What consumers want to know about poultry welfare

The supply chain faces increased pressure and questions from consumers about the welfare of the poultry products they eat.

White broiler chicken in a Poultry Farm

“I think we all know that today’s consumers are more interested, but at the same time less connected, to where their food comes from than ever before,” Dr. Karen Christensen, senior director of animal wellbeing for Tyson Foods, said during “Coming Together Along the Food Chain: Opportunities for Enhanced Collaboration,” part of the Animal Agriculture Alliance’s 2022 Stakeholders Summit Preconference Webinar Series

“As they continue to ask great questions about how the animals that end up on their plate are raised, we owe it to them to engage in those important conversations.”

The modern consumer isn’t as interested in space or breed requirements, but they do want to know that their values align with the company or brand of the products they buy. 

“Right now, with the supply chain issues that everyone is familiar with, availability, cost and uncertainty is making this conversation even more difficult,” she added.

Why poultry welfare education matters

Animal rights organizations use consumer interest in where their food comes from to drive the agenda to remove animal protein from the center of the plate, so the conversation about poultry welfare is unlikely to stop anytime soon.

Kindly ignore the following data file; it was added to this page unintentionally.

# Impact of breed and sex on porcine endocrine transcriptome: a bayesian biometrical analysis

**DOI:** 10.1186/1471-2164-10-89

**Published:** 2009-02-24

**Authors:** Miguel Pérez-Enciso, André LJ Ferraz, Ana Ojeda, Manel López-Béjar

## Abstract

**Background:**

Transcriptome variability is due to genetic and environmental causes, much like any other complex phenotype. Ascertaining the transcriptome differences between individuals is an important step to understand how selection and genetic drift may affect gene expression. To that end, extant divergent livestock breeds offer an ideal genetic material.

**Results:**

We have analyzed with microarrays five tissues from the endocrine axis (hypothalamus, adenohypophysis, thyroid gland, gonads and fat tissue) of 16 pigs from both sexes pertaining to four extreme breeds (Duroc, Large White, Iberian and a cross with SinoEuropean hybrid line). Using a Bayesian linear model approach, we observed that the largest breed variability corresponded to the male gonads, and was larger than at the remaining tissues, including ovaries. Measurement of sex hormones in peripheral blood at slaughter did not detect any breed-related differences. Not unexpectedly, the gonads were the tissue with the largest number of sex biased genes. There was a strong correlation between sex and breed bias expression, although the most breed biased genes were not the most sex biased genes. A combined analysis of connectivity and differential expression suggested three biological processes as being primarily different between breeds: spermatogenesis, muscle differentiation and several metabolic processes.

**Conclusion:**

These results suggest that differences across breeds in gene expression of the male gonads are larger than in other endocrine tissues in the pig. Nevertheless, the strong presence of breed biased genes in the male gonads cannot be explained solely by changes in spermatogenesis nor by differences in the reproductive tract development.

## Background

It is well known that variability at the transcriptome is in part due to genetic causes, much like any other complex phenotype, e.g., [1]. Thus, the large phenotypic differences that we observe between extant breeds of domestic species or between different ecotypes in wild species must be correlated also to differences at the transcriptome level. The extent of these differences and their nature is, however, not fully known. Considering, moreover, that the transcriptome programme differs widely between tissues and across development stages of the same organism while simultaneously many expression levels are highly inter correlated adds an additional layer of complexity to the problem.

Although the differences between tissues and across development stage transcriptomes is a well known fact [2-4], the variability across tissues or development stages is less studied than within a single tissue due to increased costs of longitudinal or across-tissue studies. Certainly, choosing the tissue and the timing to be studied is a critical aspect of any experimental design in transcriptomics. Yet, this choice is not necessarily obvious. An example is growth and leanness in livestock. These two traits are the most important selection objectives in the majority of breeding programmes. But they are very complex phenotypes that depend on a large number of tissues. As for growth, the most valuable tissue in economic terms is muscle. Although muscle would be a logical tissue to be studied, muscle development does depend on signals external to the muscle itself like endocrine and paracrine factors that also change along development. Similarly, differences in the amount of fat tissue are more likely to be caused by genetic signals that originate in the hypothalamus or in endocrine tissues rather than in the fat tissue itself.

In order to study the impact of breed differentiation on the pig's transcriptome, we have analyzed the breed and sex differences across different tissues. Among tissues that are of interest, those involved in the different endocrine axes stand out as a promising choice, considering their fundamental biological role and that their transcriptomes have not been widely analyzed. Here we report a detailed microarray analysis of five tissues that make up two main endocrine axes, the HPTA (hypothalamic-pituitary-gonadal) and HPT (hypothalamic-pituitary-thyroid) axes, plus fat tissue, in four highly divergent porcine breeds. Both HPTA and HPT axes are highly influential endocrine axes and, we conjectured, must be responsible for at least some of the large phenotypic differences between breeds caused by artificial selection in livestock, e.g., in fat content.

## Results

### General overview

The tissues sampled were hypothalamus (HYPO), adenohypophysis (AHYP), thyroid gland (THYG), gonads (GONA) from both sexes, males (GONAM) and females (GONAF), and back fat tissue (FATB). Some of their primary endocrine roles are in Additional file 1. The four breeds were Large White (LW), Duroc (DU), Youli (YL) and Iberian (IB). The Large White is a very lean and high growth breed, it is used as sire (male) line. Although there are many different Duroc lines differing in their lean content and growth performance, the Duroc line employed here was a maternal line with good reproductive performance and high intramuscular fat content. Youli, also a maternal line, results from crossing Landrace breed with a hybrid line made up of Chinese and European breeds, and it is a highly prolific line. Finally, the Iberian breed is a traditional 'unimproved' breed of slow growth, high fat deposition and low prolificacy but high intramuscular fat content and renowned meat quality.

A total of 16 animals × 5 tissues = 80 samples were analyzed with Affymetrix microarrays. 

The animal rights agenda is unlikely to give consumers what they really want – better poultry welfare throughout the supply chain, Christensen added.

“It’s important that consumers and customers get better educated in these important conversations about what good animal welfare really looks like,” she explained.

Educating about poultry welfare

When consumers learn about the poultry industry’s holistic approach to welfare, they’ll realize that continuous efforts to improve welfare is linked to better sustainability and a reduced environmental impact, less food waste and affordability.

Key welfare indicators (KWIs) offer an easy way for the industry to educate consumers, customers and other stakeholders. These focus on objective, easy to understand outcomes that can be managed and measured. For example, Christensen highlighted paw scores, wing damage, transportation livability and environmental impact parameters as a way to educate about how poultry is raised and cared for.

This is an opportunity to “assure people in the food supply chain that those animals came from a situation that met their expectations and met the expectations of consumers and that’s a terrific story to be able to tell,” Christensen said.